The COVID-19 crisis compelled several casino-related projects across the U.S. to halt construction. Some of these projects are back on track for now, while others still sit dormant as the pandemic enters its fifth month.
The following list looks at a few big-money casino ventures forced to put construction on pause due to the COVID-19 pandemic.
The Drew Las Vegas
Already one of the most embattled resort projects in Las Vegas history, The Drew Las Vegas hotel and casino stopped construction in March due to the COVID-19 pandemic. The shutdown pushed back the projected late-2020 opening date for The Drew.
The $3.1 billion project on the northern part of the Las Vegas Strip could still open by late 2022. The possibility exists, however, that The Drew never opens for business.
The halting of construction in March happened as just one of numerous setbacks for the project.
The Drew stands as the tallest building on the Strip, originally intended to be called the Fontainbleu Las Vegas. Construction on the Fontainbleu lasted from 2007 until 2009, when the project’s parent company declared bankruptcy.
A group of investment firms, including the Wikoff Group, bought the dormant project in August 2017. In February 2018, Witkoff Group founder Steve Witkoff announced a partnership with Marriott Hotels, intended to relaunch the project as The Drew.
Plans for The Drew included 3,780 hotel rooms, casino gaming, and more than 550,000 square feet of meeting and convention space.
Construction on the 67-story project shut down in March, however, amid the COVID-19 crisis. Witkoff now faces a lawsuit from a group of workers claiming unpaid wages in relation to work on the project, and overall The Drew faces an uncertain future.
MSG Sphere Las Vegas
The COVID-19 crisis halted construction on the $1.6 billion MSG Sphere at the Venetian in March. A joint venture between The Madison Square Garden Company and Las Vegas Sands Corporation, MSG Sphere began construction in late-2018.
When completed, MSG Sphere will function as a cutting-edge, 17,500-seat arena, catering to concerts, awards shows, and other entertainment events. The architecture of the building, along with its audio and visual capabilities, will make MSG Sphere a one-of-a-kind entertainment venue when it opens.
Features of MSG Sphere will include high-resolution display screens inside and out. The outdoor displays will have the ability to display what’s going on inside the building to outside spectators, as well as the capacity to make the building appear invisible.
MSG Sphere will stand as the world’s largest spherical building when finished. The arena isn’t slated to host casino gaming, but it’s location in the shadow of the Venetian, just off the Strip, should create plenty of traffic going to Las Vegas casinos. A date for resuming construction hasn’t been announced as of yet.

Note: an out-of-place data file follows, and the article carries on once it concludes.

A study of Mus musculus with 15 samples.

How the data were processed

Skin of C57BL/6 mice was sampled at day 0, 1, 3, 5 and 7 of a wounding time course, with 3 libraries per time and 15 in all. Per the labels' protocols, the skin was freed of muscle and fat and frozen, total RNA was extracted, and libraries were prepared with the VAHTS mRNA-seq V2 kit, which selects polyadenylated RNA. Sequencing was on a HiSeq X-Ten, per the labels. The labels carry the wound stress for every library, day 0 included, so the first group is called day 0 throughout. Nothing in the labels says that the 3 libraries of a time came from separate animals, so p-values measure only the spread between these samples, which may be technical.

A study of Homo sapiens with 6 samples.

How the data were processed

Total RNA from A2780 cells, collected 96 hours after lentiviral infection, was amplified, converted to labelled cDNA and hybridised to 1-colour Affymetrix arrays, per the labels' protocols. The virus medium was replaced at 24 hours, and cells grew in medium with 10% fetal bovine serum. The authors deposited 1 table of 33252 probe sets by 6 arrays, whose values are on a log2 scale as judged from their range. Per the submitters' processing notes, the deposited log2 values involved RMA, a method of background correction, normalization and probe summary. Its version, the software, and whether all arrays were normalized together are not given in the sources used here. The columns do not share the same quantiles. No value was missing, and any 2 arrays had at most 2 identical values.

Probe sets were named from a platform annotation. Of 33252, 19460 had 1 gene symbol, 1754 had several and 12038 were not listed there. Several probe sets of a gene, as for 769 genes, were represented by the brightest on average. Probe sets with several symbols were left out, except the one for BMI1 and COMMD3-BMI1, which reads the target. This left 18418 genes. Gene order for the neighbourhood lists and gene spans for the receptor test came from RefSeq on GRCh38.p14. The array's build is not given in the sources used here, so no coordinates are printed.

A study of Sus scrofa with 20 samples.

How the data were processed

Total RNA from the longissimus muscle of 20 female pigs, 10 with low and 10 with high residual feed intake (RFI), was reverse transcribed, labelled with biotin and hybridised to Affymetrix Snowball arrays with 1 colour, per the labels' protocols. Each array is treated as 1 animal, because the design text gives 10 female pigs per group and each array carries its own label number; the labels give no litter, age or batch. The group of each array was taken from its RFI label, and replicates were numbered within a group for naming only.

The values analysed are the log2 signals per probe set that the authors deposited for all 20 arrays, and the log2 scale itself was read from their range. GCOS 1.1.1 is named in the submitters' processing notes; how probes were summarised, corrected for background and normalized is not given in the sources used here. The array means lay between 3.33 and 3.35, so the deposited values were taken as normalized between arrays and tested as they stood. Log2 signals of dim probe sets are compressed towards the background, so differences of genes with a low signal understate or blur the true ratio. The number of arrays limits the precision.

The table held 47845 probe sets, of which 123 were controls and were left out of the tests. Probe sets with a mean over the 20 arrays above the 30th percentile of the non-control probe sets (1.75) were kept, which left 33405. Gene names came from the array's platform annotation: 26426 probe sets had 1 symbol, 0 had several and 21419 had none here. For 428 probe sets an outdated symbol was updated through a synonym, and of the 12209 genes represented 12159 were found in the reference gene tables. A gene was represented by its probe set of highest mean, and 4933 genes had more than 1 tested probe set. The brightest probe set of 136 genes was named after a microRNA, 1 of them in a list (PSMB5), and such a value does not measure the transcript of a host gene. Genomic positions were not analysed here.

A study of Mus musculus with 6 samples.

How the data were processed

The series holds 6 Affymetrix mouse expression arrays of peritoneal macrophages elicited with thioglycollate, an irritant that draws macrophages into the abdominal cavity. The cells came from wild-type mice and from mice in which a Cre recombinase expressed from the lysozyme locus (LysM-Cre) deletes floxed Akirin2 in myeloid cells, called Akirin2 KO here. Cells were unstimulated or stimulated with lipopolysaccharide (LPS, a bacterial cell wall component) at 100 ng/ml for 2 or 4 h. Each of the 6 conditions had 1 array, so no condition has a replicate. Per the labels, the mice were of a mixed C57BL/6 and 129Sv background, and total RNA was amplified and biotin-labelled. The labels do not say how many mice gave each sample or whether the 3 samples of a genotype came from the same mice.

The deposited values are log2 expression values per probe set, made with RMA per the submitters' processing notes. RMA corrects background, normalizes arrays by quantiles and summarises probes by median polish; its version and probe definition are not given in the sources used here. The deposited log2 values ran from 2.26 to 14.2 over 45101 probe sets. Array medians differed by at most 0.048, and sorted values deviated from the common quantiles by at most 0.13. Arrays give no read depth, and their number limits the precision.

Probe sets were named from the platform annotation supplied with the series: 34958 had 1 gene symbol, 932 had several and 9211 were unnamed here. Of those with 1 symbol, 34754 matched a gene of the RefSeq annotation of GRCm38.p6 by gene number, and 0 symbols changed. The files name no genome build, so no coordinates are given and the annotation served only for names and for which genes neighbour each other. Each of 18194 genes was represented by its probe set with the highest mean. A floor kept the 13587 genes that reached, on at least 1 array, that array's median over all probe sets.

Bronco Billy’s Casino Hotel Expansion (Cripple Creek, Colorado)
The largest expansion project in the history of Cripple Creek, Colo. gambling industry came to a stop in March. COVID-19 concerns halted construction on a $100 million hotel and parking garage upgrade at Bronco Billy’s Casino Hotel.
The Cripple Creek City Council voted unanimously in April 2018 to approve the construction of a nearly 200-room, four-star hotel at the Bronco Billy’s property. The proposed expansion also includes a massive parking garage and other amenities.
Council members approved the project with an eye on turning Cripple Creek into a major resort and gaming destination for Colorado tourists. Those goals make the Bronco Billy’s expansion one of the most important projects in the history of Cripple Creek, one of three mountain towns offering legal gambling in Colorado.
Full House Resorts, parent company of Bronco Billy’s, hasn’t yet announced a date for resuming construction on the 300,000-square-foot project.
Hollywood Casino Morgantown, Hollywood Casino York (Pennsylvania)
Penn National Gaming was forced to close all 34 of its US casino properties in March due to the pandemic crisis. The COVID-19 situation also halted construction on a pair of upcoming Penn National properties in Pennsylvania.
Both upcoming properties fall under the classification of “mini-casinos” under Pennsylvania law, but both are $100 million-plus projects.
The paused projects include Hollywood Casino Morgantown, a $111-million property under construction in Caernarvon Township, Berks County.
Construction was also halted on the $120 million Hollywood Casino York, in progress at the York Galleria Mall in Springettsbury Township.
Both properties were slated to open in late 2020, but Penn National Gaming has yet to announce a revised potential opening date for either casino. As designated Category 4 mini-casinos, the pair of Penn National properties are permitted by Pennsylvania law to offer up to 750 slots and 40 table games.
Roadwork related to the Hollywood Casino York property resumed in July, but indoor construction is still on pause for now.
Live! Casino & Hotel Philadelphia
Construction on the $700 million Live! Casino & Hotel Philadelphia hit multiple roadblocks due to the COVID-19 pandemic. As of July 2020, however, progress has resumed on what will become Pennsylvania’s 13th full-service casino.
At least two workers on the project tested positive for COVID-19 at one point, and the pandemic prompted a major sheet-metal workers union to pull all of its members out of the construction site.
Gilbane Construction, the contractor for the Live! Casino & Hotel Philadelphia construction, has battled with state lawmakers over keeping the construction of the resort going during the pandemic crisis.
The resort is slated to open for business sometime in 2020. The property will include a 240-room hotel, 2,000 slots, and 125 table games.